Updated: May 24, 2019

Sound familiar? The classic line we were taught during CPR Class cerca 1990...

(insert eye roll during this awkward acting moment)


Luckily now a days, for the most part, we have cell phones in our pockets and can call 911 with the swipe of a finger. But what about getting an AED? There is unfortunately not a lot of advancement on the "get me an AED" portion of this dreaded statement. In fact, the response you would probably get if you told someone to grab you an AED would be either: "OK where?" or even "OK what's that?"





Automated External Defibrillators (AEDS) are devices that can check heart rhythms and deliver an electrical shock to restore the heart's function.


When the heart stops beating effectively during cardiac arrest, it is no longer able to pump blood throughout the body. Our brain and organs can be seriously damaged without oxygen and nutrients from blood and the person can die within minutes if not treated immediately. CPR can help maintain blood flow and ventilation in a victim of cardiac arrest for a short period but using an AED can actually restore the heart’s normal rhythm in the event of cardiac arrest.


Why does it matter?!


Over 70% of cardiac arrests occur in homes and public places, and many are witnessed by a family member, co-worker or friend. The survival rate of cardiac arrest outside a hospital is very low. However, performing CPR and using an AED before Emergency Medical Services arrive can increase the chance of survival by up to 75%! Additionally, every minute that passes without the use of an AED and high quality CPR, survival rates DROP by up tp 10% - This means that waiting for the ambulance to arrive is not an option. It is our responsibility to our loved ones to train in the skills of CPR and the use of an AED.



Alberta Health Services AED LOCATION MAP:

https://secure.heart-safe.ca/map.cfm



This map outlines public access locations for AEDs organized by towns/cities in Alberta. The list however is not inclusive of all AED locations in the area. There are multiple AED's available not listed on this map. We challenge you this week to keep an eye out for the signs. Take notice of where the AEDs are located in your area, because you never know if or when AED location awareness could make the difference.

- Cochrane Emergency Training Services



CETS AED Tips:


- An AED will only shock if it detects a “shockable” cardiac rhythm, this means that if it detects a normal rhythm or no rhythm at all is will NOT shock.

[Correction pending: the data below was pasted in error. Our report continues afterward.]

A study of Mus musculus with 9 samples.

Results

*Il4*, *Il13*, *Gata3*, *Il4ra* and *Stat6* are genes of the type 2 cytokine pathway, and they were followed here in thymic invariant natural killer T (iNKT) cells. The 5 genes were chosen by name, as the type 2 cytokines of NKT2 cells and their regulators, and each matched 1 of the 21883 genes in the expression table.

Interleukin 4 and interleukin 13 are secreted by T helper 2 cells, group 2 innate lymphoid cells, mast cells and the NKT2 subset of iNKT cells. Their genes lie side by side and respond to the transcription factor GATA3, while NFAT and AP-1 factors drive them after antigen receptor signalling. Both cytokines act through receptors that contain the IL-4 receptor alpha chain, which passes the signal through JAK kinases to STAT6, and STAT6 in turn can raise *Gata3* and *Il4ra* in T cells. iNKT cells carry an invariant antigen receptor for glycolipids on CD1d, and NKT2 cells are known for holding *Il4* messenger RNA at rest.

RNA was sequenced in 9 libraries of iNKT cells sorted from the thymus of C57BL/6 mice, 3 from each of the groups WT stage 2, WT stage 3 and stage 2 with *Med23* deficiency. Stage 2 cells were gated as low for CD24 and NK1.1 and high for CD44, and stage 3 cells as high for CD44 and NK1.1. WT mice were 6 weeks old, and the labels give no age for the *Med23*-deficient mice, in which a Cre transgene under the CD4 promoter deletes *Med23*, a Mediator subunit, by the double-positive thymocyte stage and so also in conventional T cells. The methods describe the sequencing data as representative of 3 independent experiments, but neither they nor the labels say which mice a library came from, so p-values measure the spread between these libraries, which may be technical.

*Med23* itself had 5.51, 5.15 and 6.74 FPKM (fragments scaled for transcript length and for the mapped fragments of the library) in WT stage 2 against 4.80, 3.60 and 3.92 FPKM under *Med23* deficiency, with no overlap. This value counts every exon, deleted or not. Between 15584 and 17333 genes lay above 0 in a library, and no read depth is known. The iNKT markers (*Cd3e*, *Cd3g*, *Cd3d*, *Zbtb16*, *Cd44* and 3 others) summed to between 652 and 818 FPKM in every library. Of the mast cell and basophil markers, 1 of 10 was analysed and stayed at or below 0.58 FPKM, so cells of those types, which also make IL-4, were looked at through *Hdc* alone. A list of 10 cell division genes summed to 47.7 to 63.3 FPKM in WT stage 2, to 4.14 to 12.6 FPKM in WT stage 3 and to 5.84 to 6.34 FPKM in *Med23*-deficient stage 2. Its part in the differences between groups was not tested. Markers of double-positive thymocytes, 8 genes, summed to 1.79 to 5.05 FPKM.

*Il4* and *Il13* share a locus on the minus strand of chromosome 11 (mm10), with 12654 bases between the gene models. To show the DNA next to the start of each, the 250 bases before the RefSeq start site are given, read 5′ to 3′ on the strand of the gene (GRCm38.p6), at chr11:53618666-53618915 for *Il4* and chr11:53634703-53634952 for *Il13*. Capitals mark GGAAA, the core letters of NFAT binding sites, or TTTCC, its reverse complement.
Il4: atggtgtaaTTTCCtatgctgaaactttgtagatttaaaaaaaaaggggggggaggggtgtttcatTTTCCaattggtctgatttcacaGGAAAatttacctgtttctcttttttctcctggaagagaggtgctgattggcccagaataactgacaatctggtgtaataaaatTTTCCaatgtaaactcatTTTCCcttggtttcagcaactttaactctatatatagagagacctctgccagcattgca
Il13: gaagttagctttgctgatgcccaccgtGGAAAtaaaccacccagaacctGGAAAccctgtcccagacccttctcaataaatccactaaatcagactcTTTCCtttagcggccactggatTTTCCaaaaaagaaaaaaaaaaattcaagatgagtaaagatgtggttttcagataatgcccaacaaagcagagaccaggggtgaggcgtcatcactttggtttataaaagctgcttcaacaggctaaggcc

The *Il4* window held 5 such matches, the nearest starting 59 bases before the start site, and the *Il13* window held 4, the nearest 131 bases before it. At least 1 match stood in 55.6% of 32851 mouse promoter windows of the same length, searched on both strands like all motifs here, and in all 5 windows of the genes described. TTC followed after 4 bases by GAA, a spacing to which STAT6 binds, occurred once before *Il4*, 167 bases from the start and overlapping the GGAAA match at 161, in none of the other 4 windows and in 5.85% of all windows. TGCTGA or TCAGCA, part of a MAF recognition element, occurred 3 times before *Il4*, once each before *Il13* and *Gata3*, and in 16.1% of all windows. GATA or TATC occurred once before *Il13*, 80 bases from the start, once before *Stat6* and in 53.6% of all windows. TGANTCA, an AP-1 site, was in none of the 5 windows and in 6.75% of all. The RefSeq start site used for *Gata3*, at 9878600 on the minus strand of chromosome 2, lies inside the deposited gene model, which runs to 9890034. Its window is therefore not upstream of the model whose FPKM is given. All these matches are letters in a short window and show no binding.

- If AED says “Shock Not Advised” continue with CPR until unless patient is breathing.


- Child/Infant pads are placed on the chest and back of the patient. It is very important that the pads are not touching.


- You CAN use an AED on a pregnant patient.


- You CAN use an AED on an infants and children.


- An AED will analyze the patients heart rhythm every 2 minutes. Do not touch the patient while the heart rhythm is being analyzed.


- Once Pads are applied DO NOT remove them even if patient regains consciousness. You may need to re-use them if patient goes into cardiac arrest again.

- DO NOT place AED Pads over any medication patches (nitroglycerin, nicotine, etc). Remove all medication patches prior to applying pads.


- AED’s can detect is the adhesive pad is not sticking and will instruct you to re-apply pads.


- AED’s are safe to use on individuals laying on snow, or ice.


- Remember to remove hair or medical patches before applying pads.

- Avoid placing and AED pad directly over an implanted pacemaker.


- Adult pads are safe to use on children/infants if no Child Pads are available; using the front and back sandwich technique.


- Do not use Child Pads on an adult


To learn more, take a course! First Aid & CPR course dates available on CETS website for online registration.


https://www.cochraneemergencytraining.com/upcoming-course-dates


TERMS:


Cardiac Arrest: Most sudden cardiac deaths are caused by abnormal heart rhythms called arrhythmia which are erratic, disorganized firing of impulses from the heart's lower chambers. Blood flow is no longer able to reach the brain and vital organs therefore the person is rendered unconscious and will not be breathing.